Rinchen Dolma Taring was born in 1910 to one of the most powerful elite families that were closely involved in the government of Tibet in Lhasa. Her family was known as Tsarong and enjoyed very high positions both socially and politically. Her father Tsarong Shappe Wangchuk Gyelpo was a direct descendant of Yuthok Yonten Gonpo, who was the earliest and most famous Tibetan physician during the time of King Trisong Detsen, from A.D. 755-797. Her mother came from another important family called Yuthok, “being descended from the 10th Dalai Lama, Tsultrim Gyatso, whose family took its name from living near a bridge in Lhasa that has a roof of turquoise tiles” The Tsarong family lived for hundreds of years in Lhasa and each generation served the government of Tibet. As an aristocratic family which had political power, the family owned their own estates and servants and was highly respected in Lhasa. When she was two years old, her father Tsarong was murdered and his son, Samdrup Tsering, was killed afterwards on his way to the office by some people from Kongpo (in southern Tibet). Several years later, when she was about ten, her mother died of a heart attack. The family was able to maintain their estates and social status primarily because the Dalai Lama believed that killing Tsarong was a mistake made by others.
Richen Dolma initially studied in Lhasa for five years and later educated in India. Mr. David MacDonald, the British Trade Agent at Yatung and Gyantse encouraged and helped her to start studying at Queen’s Hill School, an American Methodist boarding school in Darjeeling in 1922. In the school, she was known as Mary Tsarong. She and Taring Jigme (her second husband) were the very first Tibetans who were sent abroad to study English. She spent three years in Darjeeling before returning to Tibet at the age of fifteen. Her education, language skills, and travel experiences to India made it possible for her to travel extensively and to accomplish different tasks later on in her life. She was exposed to different cultures, ideologies and political systems. Furthermore, Rinchen Dolma had opportunities to meet and talk with people such as the 13th and the 14th Dalai Lamas, the Regents of Tibet, Chairman Mao and the kings and queens of Sikkim and Bhutan and many other important religious and political figures.
Rinchen Dolma returned to Tibet from India after hearing the rumor about the new Tsarong being expelled from the commander-in-chief position. Tsarong indeed lost the government position and focused on trade afterwards. Rinchen Dolma became an important assistant to him because of her education and English language skill. Tsarong proposed to Rinchen Dolma and suggested that she should stay at Tsarong House and help him with the trade. The latter accepted the suggestion and bore a daughter with him. Later, when their daughter was still small, Tsarong arranged a new marriage for Rinchen Dolma. He thought that he was too old and that Rinchen Dolma should marry another man. He believed that Taring Jikme was a good choice. Taring was the prince of Sikkim who had lived in Tibet as a Tibetan for a long period of time. Moreover, Taring Jikme and Rinchen Dolma had similar educational experiences, and they both spoke English. Thus, the second marriage of Rinchen Dolma took place. With Taring she lived a happy life and they had two daughters together. Taring Jikme was an official of the government of Tibet as well. He was the major interpreter of the Dalai Lama during his escape to India in 1959.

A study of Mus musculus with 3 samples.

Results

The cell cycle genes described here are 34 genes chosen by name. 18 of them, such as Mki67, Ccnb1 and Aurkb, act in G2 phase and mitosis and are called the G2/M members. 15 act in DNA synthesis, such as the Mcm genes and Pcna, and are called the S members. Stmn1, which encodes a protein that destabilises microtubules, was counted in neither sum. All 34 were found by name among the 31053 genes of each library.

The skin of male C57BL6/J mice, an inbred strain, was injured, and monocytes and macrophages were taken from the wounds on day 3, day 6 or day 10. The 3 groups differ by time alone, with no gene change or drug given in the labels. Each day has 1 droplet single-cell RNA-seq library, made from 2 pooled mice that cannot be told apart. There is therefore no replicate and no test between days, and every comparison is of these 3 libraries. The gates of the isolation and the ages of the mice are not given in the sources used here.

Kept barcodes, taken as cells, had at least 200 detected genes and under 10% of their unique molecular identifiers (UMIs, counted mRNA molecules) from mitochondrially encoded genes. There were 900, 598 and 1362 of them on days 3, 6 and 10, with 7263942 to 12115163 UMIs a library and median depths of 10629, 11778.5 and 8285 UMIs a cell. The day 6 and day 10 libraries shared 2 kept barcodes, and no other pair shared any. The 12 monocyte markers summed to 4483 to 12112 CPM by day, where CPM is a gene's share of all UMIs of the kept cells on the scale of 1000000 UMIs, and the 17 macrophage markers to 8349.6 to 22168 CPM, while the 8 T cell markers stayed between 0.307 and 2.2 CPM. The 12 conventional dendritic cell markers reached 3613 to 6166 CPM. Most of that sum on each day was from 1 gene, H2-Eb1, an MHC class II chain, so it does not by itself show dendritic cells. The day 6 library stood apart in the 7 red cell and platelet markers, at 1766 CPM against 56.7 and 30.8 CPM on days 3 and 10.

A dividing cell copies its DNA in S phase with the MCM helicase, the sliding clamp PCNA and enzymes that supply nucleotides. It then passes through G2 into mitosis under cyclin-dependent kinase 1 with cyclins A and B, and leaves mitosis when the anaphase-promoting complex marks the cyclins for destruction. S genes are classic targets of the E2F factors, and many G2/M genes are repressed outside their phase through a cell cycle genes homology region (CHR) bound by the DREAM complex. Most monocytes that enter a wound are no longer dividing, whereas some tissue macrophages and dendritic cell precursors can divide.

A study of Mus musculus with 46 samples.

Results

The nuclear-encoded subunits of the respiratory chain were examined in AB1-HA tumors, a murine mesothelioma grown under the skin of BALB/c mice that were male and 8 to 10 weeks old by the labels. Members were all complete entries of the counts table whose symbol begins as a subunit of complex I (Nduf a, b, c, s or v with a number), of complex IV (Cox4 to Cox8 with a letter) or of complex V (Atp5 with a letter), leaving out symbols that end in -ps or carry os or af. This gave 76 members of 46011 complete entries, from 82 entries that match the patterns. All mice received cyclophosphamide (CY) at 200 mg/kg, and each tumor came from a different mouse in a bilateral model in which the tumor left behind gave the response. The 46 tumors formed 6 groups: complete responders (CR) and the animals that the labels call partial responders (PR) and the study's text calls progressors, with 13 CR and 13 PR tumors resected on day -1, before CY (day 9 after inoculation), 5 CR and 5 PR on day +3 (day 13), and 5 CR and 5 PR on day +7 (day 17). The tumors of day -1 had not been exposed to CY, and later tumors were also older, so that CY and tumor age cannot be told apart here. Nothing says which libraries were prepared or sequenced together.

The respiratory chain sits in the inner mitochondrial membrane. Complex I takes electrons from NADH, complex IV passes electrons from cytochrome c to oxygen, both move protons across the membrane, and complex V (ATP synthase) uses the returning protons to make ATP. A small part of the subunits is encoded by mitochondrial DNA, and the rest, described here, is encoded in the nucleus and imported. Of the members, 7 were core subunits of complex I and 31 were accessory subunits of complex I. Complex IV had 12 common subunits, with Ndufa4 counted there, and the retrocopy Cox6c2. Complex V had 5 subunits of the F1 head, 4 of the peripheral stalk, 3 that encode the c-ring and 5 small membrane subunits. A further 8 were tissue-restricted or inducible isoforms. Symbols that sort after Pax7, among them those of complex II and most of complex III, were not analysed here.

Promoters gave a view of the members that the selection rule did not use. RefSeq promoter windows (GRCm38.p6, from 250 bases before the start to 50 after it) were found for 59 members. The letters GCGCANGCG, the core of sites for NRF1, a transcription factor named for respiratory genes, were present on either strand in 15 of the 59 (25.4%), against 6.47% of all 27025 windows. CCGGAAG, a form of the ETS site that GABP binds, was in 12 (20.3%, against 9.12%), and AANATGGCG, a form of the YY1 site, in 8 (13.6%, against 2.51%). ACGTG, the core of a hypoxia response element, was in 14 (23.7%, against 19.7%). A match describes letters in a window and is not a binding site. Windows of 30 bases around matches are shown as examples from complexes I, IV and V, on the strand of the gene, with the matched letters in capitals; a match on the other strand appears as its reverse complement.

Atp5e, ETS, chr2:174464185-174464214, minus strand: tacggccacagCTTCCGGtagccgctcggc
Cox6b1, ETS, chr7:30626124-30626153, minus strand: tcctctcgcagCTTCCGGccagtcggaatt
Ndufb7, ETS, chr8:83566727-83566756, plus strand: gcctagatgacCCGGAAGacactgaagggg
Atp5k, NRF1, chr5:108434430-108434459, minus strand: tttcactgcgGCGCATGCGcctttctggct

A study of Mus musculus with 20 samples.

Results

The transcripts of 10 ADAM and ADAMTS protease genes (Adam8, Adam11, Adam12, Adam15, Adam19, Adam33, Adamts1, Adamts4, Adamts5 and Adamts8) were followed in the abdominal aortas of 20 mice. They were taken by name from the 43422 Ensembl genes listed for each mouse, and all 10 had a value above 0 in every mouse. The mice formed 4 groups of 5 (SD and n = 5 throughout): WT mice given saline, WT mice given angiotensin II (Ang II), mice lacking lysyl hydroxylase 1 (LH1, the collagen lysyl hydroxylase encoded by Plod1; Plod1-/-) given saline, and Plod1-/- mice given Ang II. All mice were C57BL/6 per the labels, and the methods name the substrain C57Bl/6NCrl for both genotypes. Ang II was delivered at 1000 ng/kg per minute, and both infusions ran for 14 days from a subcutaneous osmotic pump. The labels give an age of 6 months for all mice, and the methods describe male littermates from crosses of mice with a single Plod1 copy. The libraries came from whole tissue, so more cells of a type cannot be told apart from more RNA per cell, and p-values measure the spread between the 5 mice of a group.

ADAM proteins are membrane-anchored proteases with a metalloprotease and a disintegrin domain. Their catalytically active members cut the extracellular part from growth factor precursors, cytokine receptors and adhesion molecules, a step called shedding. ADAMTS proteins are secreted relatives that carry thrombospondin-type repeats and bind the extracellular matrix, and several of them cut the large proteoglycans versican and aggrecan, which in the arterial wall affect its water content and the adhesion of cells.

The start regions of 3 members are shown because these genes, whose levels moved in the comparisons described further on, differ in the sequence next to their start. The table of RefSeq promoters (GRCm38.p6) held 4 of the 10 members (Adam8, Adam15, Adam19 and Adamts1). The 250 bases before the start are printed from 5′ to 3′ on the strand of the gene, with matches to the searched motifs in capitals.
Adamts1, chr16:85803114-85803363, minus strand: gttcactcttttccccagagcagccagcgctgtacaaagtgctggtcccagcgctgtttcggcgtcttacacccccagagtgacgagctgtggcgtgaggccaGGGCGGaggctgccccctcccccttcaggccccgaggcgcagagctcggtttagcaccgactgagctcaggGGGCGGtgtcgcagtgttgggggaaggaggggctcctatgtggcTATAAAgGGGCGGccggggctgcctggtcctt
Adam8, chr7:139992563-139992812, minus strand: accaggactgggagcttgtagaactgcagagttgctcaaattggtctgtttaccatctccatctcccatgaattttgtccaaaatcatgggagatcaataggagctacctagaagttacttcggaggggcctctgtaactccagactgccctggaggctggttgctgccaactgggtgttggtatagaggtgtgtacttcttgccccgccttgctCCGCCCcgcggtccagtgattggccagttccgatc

Rinchen Dolma’s life became complicated when the Chinese came to Lhasa in 1951. An Army school was established in 1952 and Rinchen Dolma was assigned to teach Tibetan language to the Chinese. Later, she and some other women, mostly the wives of noble men, were recruited to the organizations such as the Lhasa Patriotic Women’s Association (the P.W.A.) that the Chinese created. Tsering Dolma, the Dalai Lama’s sister was selected as the Chairman of the P.W.A. and Rinchen Dolma the Vice-Chairman and General Secretary. In 1955, Rinchen Dolma accompanied Tsering Dolma Taklha and visited Beijing. In 1956, a delegation of representatives of Tibetan women led b Rinchen Dolma left for China to attend a meeting of the All-China Women‟s Federation. Her two younger daughters had an opportunity to study at the Peking National Minorities School as some other children of the Tibetan officials did.
Rinchen Dolma left for India in 1959, following the flight of the 14th Dalai Lama to India. She took charge of the children’s home at Mussoorie as a founder General Secretary in 1962 and served till 1975. On March 12, 1984, 700 Tibetan women led by Mrs. Rinchen Dolma Taring and Dolma Gyari of TYC held a rally in Delhi in protest against the Chinese occupation of Tibet. At the age of 90, she passes away in Raipur, near Dehradun, India on 29th July 2000.